I feel like a little school girl all squermy and excited. I would scream but find that highly annoying. Bees! They are finally here. They came from a guy up north that gets his shipment of bees from Texas. He said this is the nicest bunch of bees he's had in a long time. Pumped. If you haven't had an introduction to bees, read one of my first blogs called honeybees. They are so fascinating! Amazing little buggers.
The honey bee (or honeybee) is so important to the 'circle of life.' They pollinate all the plants. Without them, there would be massive death, plants and animals. In fact, they are on decline and backyard beekeeping has become more popular. And YES, if you live in the city, you too can have them :) They are very docile creatures. Wasps, hornets, and yellow jackets give them a bad reputation. But these guys simply want to do one thing, produce honey (and of course keep the queen happy). My fascination with bees has grown significantly since my self-reliant living plans have blossomed at my developing homestead. And we LOVE our honey and there is nothing better than the honey you make, so I am told. I have read and learned from other bee keepers that the most sought after honey is basswood honey. I'm in luck! I have several on my property :) I also have large gardens that will be thankful and produce larger, healthier fruits, vegetables, and flowers.
So, in order to get ready for their arrival I needed a water source, sugar water, pollen patty, bee suit, smoker, smoker pellets, hive tool, & bee brush,. For more about the pricing on the bees/needed items go to the finance page and click the bees excel sheet.
Providing a good water source for bees is critical to their success in cooling the hive, reproduction, and making honey. It's also important not to leave open water that they can easily drown in. This is what I came up with:
Drill holes in along the rim of the bucket. This is to allow water/rain water to pour out.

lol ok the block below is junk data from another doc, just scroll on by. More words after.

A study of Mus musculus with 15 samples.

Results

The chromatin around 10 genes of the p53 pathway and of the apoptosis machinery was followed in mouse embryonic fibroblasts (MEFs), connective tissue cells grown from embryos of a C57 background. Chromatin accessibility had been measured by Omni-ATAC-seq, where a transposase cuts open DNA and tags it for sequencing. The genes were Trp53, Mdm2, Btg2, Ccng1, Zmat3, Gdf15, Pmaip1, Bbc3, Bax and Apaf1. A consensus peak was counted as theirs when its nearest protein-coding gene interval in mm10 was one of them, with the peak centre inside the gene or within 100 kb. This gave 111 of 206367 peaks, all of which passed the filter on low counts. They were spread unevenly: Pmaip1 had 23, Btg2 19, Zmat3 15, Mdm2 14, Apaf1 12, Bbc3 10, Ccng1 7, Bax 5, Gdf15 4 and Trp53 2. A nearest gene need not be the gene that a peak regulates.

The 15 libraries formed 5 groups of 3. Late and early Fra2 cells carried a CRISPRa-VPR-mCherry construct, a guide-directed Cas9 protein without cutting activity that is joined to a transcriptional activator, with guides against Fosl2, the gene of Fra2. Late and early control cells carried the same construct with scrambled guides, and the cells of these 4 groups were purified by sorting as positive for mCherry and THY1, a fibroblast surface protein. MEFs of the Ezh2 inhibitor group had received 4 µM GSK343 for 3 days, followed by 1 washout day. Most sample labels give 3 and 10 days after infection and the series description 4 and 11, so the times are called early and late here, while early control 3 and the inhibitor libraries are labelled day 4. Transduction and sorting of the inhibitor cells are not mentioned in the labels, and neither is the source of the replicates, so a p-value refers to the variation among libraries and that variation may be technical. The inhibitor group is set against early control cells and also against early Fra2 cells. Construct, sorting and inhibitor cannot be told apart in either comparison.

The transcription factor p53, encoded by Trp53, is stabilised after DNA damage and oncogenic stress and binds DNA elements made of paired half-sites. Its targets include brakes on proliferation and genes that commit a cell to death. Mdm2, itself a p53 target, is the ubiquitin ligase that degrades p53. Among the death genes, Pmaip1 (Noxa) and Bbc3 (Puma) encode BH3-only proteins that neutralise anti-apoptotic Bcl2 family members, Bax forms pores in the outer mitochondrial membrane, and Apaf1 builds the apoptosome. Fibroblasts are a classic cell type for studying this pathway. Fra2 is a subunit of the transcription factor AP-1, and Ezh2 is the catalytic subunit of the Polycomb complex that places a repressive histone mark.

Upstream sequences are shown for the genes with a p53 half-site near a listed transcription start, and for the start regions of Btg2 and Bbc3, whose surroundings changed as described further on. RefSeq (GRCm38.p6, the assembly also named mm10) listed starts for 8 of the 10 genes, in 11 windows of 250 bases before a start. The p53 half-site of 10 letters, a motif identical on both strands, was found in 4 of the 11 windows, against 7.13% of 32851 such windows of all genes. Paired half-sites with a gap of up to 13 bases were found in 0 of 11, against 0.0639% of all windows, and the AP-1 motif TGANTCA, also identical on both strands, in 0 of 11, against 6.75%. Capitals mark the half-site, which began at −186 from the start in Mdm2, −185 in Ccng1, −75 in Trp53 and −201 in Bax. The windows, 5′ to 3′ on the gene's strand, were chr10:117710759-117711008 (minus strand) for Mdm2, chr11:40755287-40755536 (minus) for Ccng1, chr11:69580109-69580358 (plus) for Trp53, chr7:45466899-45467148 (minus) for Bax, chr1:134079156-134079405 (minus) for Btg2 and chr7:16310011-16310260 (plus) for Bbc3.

Cut up pieces of Styrofoam. These are little landing pads for the bees. By drilling the holes around the bucket at the top, the water will drain off before allowing the foam landing pads to wash out.
Floating Styrofoam ready for bees to drink. Place this within 20 feet from the hive.
Bees this time of year also need sugar water. Their honey supply isn't high so supplementing their source is important. They also need a pollen patty (a sugary patty with pollen mixed in) because again, this time of year there's not much pollen out there.
So now, we are ready for the bees. Once they arrived, I removed the starter boxes and placed them on stacked pallets. I liked the idea of placing them on pallets because the wood will turn to match the surroundings, unlike cinder blocks, and they make it easy to place them on while creating the ventilation needed underneath. After I got them set up, you take the plug in the front off, and replace with a reducer to slowly allow the bees to come out and explore. You don't want them to swarm and leave right away. After a couple days the reducer can be taken off.
These bees are very healthy and have filled the starter hive with honey, so I need to put a second box deep on it tomorrow. And will need a third box in mid June. I will keep you informed on the updates when I add the third box and how to.
I am having two colonies (separate hives) and they will produce about 80lbs of honey each. Holy, yum! Though, I wish I can consume that much, I have decided to share my local honey at the Farmer's Markets I attend. It's also noteworthy that honey NEVER goes bad. Honey was found with King Tut and still edible!
As for now, the 'newbees' (pun intended) are getting cozy at their new residence and I can't wait to see them tomorrow.
Who Writes This Blog
It's me, Meg. Checkout 'My Story' for more about my mission.